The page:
It’s Ibsen, of course, and one of my favorites: in my opinion a very difficult play to do for modern audiences, dealing as it does with the sins of the father and a very unscientific venereal disease without a name. But this was at the Almeida, one of the best and most influential little (325 seats) theatres in London. There, a few years back, Joan and I had seen a brilliant version of Ibsen’s Hedda Gabler, both translated and directed by Richard Eyre, another (past) Artistic Director of the National Theatre. He’s done both again for this production, beautifully translated into the modern idiom. Joan, and friends who accompanied us, felt the ending was a little hyper-emotional, and that fewer tears and more anger from Mrs. Alving might have produced a stronger climax. In retrospect, I agree. Still, a great performance of a great play about “lifeless old beliefs” and “dead ideas” and the harm they do. Ghosts!
A political thriller by 29-year old British playwright, Lucy Kirkwood. It’s another Almeida production, now transferred to the West End, not to be missed, and I hope it will be slated for an eventual move to New York. It’s loosely structured on a hypothetical search for the identity and whereabouts of the unknown man with the shopping bag who walked bravely in front of the tanks during the 1989 massacre at Tiananmen Square. His identity remains unknown, but Time Magazine once numbered him among the “100 most important People of the Century.” It took Kirkwood six years to invent and develop the play, whose plot and cast of characters are a complete fabrication, a brilliant exercise of the imagination. “Chimerica,” by the way, is a word previously coined to describe the modern Chinese-American economic relationship, and specifically how China’s attention to saving and America’s penchant for spending have led us to the edge of global financial melt-down. But it’s also hard to ignore the allusion to a Chimera, the mythological Greek monster: part lion, part snake, and part goat. One last note on Chimerica, the production: Es Devlin’s set design was a powerful and unforgettable display of lasers and images projected on a huge rotating cube, with sliding panels revealing minimal set pieces… wonderfully effective, like passing thoughts. Clearly, lasers and projections are here to stay.
A good friend of mine suggested that Michael Grandage might be the world’s greatest working director, so I wasn’t about to miss this one. For years Grandage had been Artistic Director of the Donmar Warehouse, where he had directed both Red and Frost/Nixon, both of which I got to see in New York. This one is the fourth in a full season of five plays by the Michael Grandage Company at the Noel Coward Theatre [The others are Privates on Parade (w/ Simon Russell Beale), Peter and Alice (w/ Judi Dench), Cripple of Inishmaan (w/ Daniel Radcliffe), and Henry V (w/ Jude Law): pretty damned impressive!] A lot of people have messed around with wild different concepts in producing AMSN, and I can’t say that Grandage’s choices for this one were particularly awe-inspiring. The woodland fairies became a band of pot-smoking hippies, and the setting, in an overgrown abandoned mansion, was their dark playground. There were obvious parallels drawn to the Burning Man Festival, an annual week-long “radical experiment in self-expression” celebrated out in Nevada’s Black Rock Desert, which this past summer drew a crowd of 61,000 celebrants of the weird and magical. This approach to AMSN could certainly be justified, but amidst all that noise and contemporary music, rock and otherwise, I found myself longing for bird songs and clean-shaven little people. But maybe that’s because, as some might say (not me), I’m past the age for true appreciation of such things.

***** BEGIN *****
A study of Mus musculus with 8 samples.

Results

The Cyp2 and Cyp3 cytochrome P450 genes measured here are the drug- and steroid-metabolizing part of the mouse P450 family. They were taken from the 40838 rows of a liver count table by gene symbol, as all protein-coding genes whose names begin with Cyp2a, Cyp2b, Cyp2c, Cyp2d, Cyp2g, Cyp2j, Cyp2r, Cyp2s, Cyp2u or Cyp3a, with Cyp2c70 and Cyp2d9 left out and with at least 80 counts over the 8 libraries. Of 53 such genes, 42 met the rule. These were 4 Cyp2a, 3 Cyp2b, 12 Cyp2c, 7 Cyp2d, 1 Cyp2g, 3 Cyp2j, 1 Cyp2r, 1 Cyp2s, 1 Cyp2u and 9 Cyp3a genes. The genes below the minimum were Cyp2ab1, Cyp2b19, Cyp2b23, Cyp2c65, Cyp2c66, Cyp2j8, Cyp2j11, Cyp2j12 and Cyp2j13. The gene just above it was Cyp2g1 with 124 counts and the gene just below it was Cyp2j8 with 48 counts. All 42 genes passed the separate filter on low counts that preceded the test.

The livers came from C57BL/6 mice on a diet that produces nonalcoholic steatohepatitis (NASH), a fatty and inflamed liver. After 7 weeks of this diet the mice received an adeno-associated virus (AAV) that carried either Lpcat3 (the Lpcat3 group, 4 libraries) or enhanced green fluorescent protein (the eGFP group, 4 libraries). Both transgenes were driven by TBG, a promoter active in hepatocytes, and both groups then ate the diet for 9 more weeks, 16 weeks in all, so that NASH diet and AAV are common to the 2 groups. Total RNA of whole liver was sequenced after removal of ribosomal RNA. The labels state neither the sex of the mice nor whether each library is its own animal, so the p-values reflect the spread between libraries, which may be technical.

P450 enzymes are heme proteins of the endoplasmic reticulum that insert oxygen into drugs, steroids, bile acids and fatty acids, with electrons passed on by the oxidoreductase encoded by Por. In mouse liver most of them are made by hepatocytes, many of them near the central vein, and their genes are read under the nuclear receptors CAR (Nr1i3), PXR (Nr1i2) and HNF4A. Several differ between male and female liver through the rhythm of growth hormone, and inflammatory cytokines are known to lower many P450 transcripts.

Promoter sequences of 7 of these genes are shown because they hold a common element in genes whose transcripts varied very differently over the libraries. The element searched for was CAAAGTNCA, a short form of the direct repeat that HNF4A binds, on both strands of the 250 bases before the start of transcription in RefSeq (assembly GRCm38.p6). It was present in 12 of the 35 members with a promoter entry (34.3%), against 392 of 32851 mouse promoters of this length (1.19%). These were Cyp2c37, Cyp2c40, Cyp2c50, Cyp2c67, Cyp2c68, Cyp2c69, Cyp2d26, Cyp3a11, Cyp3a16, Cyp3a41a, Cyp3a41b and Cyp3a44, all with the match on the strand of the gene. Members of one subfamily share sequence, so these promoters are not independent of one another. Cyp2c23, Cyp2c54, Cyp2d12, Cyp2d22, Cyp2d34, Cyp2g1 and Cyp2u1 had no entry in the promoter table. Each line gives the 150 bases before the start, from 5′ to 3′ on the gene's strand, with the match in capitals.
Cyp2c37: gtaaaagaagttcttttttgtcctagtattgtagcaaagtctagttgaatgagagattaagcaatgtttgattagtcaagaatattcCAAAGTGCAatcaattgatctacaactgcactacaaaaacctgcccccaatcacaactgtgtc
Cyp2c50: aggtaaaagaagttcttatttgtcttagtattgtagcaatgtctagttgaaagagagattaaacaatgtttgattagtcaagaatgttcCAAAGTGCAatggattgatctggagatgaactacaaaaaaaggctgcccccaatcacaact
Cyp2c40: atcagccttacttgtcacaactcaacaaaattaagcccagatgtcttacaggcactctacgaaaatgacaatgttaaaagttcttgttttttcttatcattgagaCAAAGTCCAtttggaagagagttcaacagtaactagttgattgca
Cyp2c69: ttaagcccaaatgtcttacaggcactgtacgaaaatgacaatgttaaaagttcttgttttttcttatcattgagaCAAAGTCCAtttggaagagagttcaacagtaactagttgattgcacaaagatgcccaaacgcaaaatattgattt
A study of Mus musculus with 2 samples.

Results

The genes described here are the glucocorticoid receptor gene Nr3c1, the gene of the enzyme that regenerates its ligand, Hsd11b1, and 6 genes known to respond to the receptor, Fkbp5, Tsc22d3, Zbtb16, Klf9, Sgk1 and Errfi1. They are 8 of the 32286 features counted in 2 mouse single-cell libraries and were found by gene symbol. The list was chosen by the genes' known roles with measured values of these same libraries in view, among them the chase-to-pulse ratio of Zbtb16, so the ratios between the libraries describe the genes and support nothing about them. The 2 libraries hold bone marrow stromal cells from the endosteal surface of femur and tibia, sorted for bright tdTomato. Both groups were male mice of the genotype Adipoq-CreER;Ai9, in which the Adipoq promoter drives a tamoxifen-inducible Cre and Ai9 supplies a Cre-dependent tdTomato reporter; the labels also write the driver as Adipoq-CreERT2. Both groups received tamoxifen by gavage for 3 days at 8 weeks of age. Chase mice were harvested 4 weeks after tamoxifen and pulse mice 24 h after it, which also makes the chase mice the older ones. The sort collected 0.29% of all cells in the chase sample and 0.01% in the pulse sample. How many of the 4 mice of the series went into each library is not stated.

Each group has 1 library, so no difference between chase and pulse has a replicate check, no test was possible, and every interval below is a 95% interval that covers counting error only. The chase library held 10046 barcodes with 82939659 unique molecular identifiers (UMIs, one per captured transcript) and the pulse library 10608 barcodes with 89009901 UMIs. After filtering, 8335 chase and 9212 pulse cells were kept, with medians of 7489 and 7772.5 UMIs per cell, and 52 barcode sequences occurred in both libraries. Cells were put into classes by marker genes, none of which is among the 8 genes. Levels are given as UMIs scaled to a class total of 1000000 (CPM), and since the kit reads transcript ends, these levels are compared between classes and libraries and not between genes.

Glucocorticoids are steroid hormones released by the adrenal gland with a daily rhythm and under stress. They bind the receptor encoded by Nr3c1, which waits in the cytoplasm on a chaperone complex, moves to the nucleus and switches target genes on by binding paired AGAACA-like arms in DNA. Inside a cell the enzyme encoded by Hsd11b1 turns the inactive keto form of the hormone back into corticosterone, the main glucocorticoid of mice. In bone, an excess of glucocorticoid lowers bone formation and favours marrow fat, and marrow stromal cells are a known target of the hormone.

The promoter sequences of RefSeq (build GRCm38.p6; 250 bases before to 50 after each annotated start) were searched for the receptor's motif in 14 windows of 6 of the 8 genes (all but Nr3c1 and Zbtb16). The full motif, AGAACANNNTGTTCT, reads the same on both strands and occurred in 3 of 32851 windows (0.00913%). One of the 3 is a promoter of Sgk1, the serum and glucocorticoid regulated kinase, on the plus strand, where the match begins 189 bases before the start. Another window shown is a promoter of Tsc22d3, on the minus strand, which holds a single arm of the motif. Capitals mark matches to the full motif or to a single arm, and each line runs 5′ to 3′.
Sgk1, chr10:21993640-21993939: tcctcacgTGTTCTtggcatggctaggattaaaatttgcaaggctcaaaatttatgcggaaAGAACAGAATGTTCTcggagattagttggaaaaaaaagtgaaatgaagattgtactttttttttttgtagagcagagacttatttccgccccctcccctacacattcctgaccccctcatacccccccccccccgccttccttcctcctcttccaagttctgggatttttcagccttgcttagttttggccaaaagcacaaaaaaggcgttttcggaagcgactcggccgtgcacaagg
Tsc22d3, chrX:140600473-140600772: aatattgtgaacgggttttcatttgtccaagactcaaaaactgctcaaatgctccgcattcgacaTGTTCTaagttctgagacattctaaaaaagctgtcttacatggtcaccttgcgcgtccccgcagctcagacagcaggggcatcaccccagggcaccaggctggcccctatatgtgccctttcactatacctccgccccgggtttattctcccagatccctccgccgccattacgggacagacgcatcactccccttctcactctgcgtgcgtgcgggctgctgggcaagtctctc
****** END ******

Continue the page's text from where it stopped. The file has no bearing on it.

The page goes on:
So those were the six plays: Two Almeida productions, two National Theatre productions, and one each from the Old Vic and the Michael Grandage Company. But I can’t leave the London theatre scene alone without paying special reverence to the theatres themselves. Impressively, all of them publicly express their commitment to youth and to education. They tour. They open their doors to workshops, school groups, and courses in acting, design, and production. The result, of course, is not only to assure better productions in the future, but better, more alert audiences. In addition to our visits to the Almeida and the Old Vic, this trip didn’t give us the opportunity to get to Shakespeare’s Globe, the National Theatre, or the Donmar Warehouse, all referenced above, or to another old favorite, the Royal Court. I would never go to London without checking all those listings first. And of course, anything by the Royal Shakespeare Company, whether in Stratford or London! But, you can’t do it all, damn it, and we were both ready for home.
… Ahah! Sounds like another trip in the works? But first … recovery!
I can’t resist concluding this series of posts with a particularly relevant quote by J. G. Ballard, swiped from the Chimerica program:
I believe in the power of the imagination to remake the world, to release the truth within us, to hold back the night, to transcend death, to charm motorways, to ingratiate ourselves with birds, to enlist the confidences of madmen.